Mega science SKA project reaches 10-year mark

Staff Writer
By Staff Writer, ITWeb
Johannesburg, 27 May 2022
The giant radio telescope is expected to be completed in 2028.
The giant radio telescope is expected to be completed in 2028.

This week marks the 10-year anniversary since SA was announced as one of the hosts of the Square Kilometre Array (SKA) telescope project.

South Africa and Australia are the joint hosts of the SKA telescope project, an international effort to build the world’s largest radio telescope, with eventually over a square kilometre (one million square metres) of collecting area.

Furthermore, SA is one of the six founding member countries of the SKA Observatory intergovernmental treaty organisation. The treaty will ensure the commitment of the participating countries in jointly building and managing the SKA project.

Higher education, science and innovation minister Dr Blade Nzimande commemorated the 10-year anniversary mark of the giant radio telescope on Africa Day, highlighting its benefits.

According to Nzimande, astronomy in Africa has seen a growth spurt that is providing career opportunities for young students interested in the sciences and engineering.

“South Africa has awarded about 2 000 bursaries over the past 15 years for undergraduate and postgraduate studies in astrophysics, data science, engineering and artisanal skills,” says the minister.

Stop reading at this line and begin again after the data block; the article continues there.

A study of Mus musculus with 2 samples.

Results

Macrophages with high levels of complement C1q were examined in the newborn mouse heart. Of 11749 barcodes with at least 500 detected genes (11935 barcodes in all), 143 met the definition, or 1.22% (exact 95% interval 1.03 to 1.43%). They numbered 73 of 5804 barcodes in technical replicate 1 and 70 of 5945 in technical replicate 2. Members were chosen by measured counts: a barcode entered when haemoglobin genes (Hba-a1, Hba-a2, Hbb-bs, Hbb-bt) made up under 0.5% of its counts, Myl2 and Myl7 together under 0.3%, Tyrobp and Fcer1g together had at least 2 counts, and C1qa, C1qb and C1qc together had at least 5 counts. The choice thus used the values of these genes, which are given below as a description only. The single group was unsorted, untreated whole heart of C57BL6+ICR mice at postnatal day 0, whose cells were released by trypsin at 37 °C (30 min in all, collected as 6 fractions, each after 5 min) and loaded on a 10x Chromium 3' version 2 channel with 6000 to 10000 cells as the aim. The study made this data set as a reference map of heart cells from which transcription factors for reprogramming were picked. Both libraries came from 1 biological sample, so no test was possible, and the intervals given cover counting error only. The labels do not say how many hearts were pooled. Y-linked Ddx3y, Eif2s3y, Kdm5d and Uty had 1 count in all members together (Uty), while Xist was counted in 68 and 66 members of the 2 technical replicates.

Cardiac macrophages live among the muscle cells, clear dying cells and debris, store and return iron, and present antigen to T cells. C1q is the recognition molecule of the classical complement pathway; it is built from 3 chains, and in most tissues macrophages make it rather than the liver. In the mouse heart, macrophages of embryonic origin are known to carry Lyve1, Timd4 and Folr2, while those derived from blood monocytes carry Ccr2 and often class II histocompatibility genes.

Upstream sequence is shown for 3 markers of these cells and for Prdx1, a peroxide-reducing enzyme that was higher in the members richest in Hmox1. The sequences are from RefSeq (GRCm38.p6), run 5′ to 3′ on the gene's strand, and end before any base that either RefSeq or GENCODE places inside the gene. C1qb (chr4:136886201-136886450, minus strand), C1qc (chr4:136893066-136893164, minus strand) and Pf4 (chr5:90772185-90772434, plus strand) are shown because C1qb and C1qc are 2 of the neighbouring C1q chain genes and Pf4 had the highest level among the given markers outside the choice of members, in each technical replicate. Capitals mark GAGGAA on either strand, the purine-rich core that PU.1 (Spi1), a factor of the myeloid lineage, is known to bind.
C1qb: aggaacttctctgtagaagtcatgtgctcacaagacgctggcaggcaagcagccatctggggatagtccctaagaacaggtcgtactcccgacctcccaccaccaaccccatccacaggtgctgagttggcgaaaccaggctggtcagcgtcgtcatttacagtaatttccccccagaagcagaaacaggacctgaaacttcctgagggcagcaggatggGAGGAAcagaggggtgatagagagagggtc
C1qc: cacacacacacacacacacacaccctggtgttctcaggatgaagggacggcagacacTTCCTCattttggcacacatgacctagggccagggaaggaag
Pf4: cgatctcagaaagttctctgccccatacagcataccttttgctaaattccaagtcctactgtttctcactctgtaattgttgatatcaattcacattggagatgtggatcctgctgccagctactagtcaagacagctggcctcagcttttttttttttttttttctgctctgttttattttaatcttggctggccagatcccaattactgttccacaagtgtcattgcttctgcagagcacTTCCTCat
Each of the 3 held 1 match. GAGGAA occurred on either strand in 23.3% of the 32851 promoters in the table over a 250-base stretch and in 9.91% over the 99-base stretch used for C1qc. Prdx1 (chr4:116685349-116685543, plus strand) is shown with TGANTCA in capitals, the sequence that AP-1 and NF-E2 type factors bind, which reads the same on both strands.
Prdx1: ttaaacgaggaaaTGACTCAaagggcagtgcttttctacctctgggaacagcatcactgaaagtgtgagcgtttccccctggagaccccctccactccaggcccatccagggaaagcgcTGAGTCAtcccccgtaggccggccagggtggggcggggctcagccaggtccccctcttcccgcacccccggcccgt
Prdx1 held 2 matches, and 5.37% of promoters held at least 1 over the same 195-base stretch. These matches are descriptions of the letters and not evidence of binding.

“This intensive human capital development and training is undertaken mainly through the SKA HCD bursary programme and the National Astronomy and Space Science Programme.”

The minister notes that students from other African countries have also been trained through these programmes and some have returned to their home countries and developed astronomy programmes in universities there.

The total estimated cost of constructing the SKA in SA and Australia, and the associated operations and business-enabling functions, will be €2 billion (R33.6 billion) over the 2021-2030 period.

Nzimande notes the procurement of major contracts for the SKA telescopes is already under way and will continue in the coming months. It’s expected that the SKA Observatory will place about 70 contracts with its member states, with competitive bidding taking place within each country.

South African companies and the South African Radio Astronomy Observatory (SARAO) will benefit from some of these contracts, as it is taking a leading role on the work packages that will be rolling out the required infrastructure at the telescope site in the Northern Cape, he states.

“This will result in scientific, technological and socio-economic benefits for South Africa in the next 10 years and beyond, will create many jobs during construction and operations, and will build more skills through training and development.”

The giant radio telescope is expected to be completed in 2028.

With work on the SKA project under way, the MeerKAT telescope has been built by South Africans.

MeerKAT, originally the Karoo Array Telescope, is a radio telescope inaugurated in 2018, consisting of 64 antennas spread over a diameter of 8km in the Northern Cape.

According to the SARAO, MeerKAT is currently the most sensitive telescope of its kind in the world and is a precursor to the SKA.

Already, the MeerKAT radio telescope has made some ground-breaking discoveries. In December, an international team of astronomers utilised the radio telescope to discover a mysterious chain of hydrogen gas clouds the size of a massive galaxy.

Nzimande points out the MeerKAT telescope will continue to do “great” scientific work until it is fully integrated into the SKA in the next five to seven years, noting that 133 more dishes will be added to the 64-dish telescope.